By Regan Kibbee
Francis DellaVecchia, creator of The Joyful Activist newsletter and playbook, thinks it should be fun to do good. His mission: “transforming outrage into outrageous fun!”
From organizing community events to creating new online communities, DellaVecchia has made a career of bringing people closer together and empowering them to make positive change in the world.
DellaVecchia grew up in New Jersey and moved to Los Angeles in 1984 to study theater at UCLA. He supported himself managing a theater company, a gallery and a bookstore. Having long been interested in contributing to the public good, and with friends in politics and technology, he became intrigued by the prospect of an interactive political campaign.
In 1999, DellaVecchia decided to test out his ideas with a run for mayor of Los Angeles. His goal was to make the process leading up to the 2001 election as transparent and interactive as possible. Long before YouTube or the proliferation of video on smartphones, he made all the forums, debates, meetings and other interactions he participated in available for public view on his “Watch The Mayor” website.
It was the world’s first completely webcast political campaign — perhaps a few years before the world was ready for it. Even so, DellaVecchia finished a respectable seventh out of 15. (All of the candidates who finished ahead of him spent more than $2 million each to his $25,000.)
After his run, DellaVecchia moved to the Westside, where he continued his political involvement. He started The Joyful Activist newsletter to continue engaging the folks who had helped with his campaign, “letting them know cool things that were going on and how to get involved to make a difference,” he says.
In 2010, he was tapped by Kelly Layne, then the marketing supervisor for Whole Foods Market Venice, to help with her goal of making the store a better neighbor. They joined forces to assist local public schools and community groups with various projects, primarily community gardens and plantings, plus some murals and Little Free Library structures. DellaVecchia would supply the people power and organize the entertainment; Whole Foods donated the catering. What might have otherwise felt like drudgery for just a few people was transformed into a block party-like work day for the many who turned up to volunteer.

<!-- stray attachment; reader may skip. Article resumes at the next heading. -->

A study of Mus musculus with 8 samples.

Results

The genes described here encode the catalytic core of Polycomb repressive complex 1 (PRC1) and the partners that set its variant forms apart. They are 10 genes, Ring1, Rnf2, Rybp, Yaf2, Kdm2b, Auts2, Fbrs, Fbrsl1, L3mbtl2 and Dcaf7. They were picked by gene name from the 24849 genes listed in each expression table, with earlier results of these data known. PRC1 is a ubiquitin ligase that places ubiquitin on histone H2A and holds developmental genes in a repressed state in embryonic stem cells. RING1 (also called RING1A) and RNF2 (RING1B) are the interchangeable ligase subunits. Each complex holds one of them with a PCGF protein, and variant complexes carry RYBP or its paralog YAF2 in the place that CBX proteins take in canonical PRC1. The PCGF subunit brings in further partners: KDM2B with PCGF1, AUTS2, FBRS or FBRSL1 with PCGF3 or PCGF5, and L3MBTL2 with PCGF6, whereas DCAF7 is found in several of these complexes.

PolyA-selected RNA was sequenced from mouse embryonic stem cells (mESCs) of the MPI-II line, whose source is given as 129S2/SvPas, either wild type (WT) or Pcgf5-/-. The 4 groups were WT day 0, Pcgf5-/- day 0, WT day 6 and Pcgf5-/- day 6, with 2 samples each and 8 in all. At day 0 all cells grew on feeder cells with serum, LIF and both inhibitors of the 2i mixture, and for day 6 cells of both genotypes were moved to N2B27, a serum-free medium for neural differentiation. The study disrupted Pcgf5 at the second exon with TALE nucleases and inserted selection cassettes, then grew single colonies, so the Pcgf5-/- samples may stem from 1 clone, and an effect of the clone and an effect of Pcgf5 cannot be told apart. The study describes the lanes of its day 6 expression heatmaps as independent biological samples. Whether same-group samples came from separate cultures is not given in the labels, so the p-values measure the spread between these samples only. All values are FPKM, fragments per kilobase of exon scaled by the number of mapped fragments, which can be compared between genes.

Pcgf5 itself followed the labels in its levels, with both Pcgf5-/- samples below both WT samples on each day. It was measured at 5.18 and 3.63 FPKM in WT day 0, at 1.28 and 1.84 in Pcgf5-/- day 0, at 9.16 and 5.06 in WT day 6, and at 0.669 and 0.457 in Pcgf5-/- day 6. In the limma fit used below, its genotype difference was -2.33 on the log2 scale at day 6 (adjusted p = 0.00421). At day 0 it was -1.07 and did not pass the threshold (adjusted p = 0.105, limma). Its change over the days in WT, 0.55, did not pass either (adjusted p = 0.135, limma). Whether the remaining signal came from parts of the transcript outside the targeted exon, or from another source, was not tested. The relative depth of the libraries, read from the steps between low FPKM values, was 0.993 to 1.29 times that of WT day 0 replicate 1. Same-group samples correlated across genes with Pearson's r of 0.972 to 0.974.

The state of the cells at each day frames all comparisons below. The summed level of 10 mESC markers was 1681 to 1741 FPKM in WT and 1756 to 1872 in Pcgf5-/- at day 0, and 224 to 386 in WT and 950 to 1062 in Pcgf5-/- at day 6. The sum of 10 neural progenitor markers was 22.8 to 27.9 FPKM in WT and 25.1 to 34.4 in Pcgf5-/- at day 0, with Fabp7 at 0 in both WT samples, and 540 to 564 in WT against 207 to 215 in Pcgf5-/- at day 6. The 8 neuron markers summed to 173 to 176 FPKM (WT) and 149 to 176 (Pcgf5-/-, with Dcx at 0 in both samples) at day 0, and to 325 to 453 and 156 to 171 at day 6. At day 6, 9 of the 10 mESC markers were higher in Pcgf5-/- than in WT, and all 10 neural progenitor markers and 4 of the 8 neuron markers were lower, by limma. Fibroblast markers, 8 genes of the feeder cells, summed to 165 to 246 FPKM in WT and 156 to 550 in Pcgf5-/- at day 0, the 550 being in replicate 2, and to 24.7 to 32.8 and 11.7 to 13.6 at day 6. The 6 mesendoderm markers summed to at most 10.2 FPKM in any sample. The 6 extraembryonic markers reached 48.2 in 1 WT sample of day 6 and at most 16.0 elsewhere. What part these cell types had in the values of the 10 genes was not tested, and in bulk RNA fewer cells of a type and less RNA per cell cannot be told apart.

He remembers one parent at Walgrove Avenue Elementary School wondering, “I get why I’m here, because I have a kid in the school, but don’t understand why all of you people are here.”
As DellaVecchia recounts, “In that moment, I had a little realization that the opportunity to participate in a rewarding community experience isn’t always so easy to come by. A lot of people want to help, they feel gratified to do work that’s important, and once they show up and dig in, they’re delighted for the opportunity to have a great time doing it.”
Community projects happened nearly every month but slowed down after Layne left the market (although, inspired by The Joyful Activist concept, Layne went on to create a “Chamber in Action” committee for the Venice Chamber of Commerce).
DellaVecchia began to focus on consulting services, solving problems and giving back. For his 50th birthday, he gave away 50 free “Fix It Francis” personal consulting sessions. One person sought advice for a spouse who was feeling worthless after losing their job. Someone else wanted help expanding their company’s digital presence. Another asked for guidance transitioning from technical writing to creative writing projects closer to their heart.
One of the current projects that DellaVecchia is most excited about is Caremob, a mobile app that allows users to unite around current issues and influence their friends. When news breaks, Caremob users can call for a united global movement of protest, empathy, mourning, celebration or support. He hopes the app will eventually direct financial resources and volunteer power to causes.
This year DellaVecchia also began hosting a monthly “Mastermind” group at the Expert Dojo co-working space in Santa Monica. These free events on the fourth Tuesday of each month bring together people with ideas for start-ups and others who want to take their businesses to the next level. Participants ask and answer questions, offer resources and make connections. And, as can be expected when DellaVecchia is involved, there’s a particular focus on how these businesses can add value to the community.
When he ran for mayor, DellaVecchia realized his engagement in communication, politics and social good was much deeper than for many people, and he wondered how he could get others interested and involved. Rather than kick off the campaign from behind the barrier of a press-conference podium, he threw “a big fat party” at the El Rey Theatre. Then and now, he’s found the best way to engage people is to make taking action exciting and joyful.
Learn more about Francis DellaVecchia and his work at joyfulactivist.com and fixitfrancis.com. Sign up for a Mastermind session at expertdojo.com.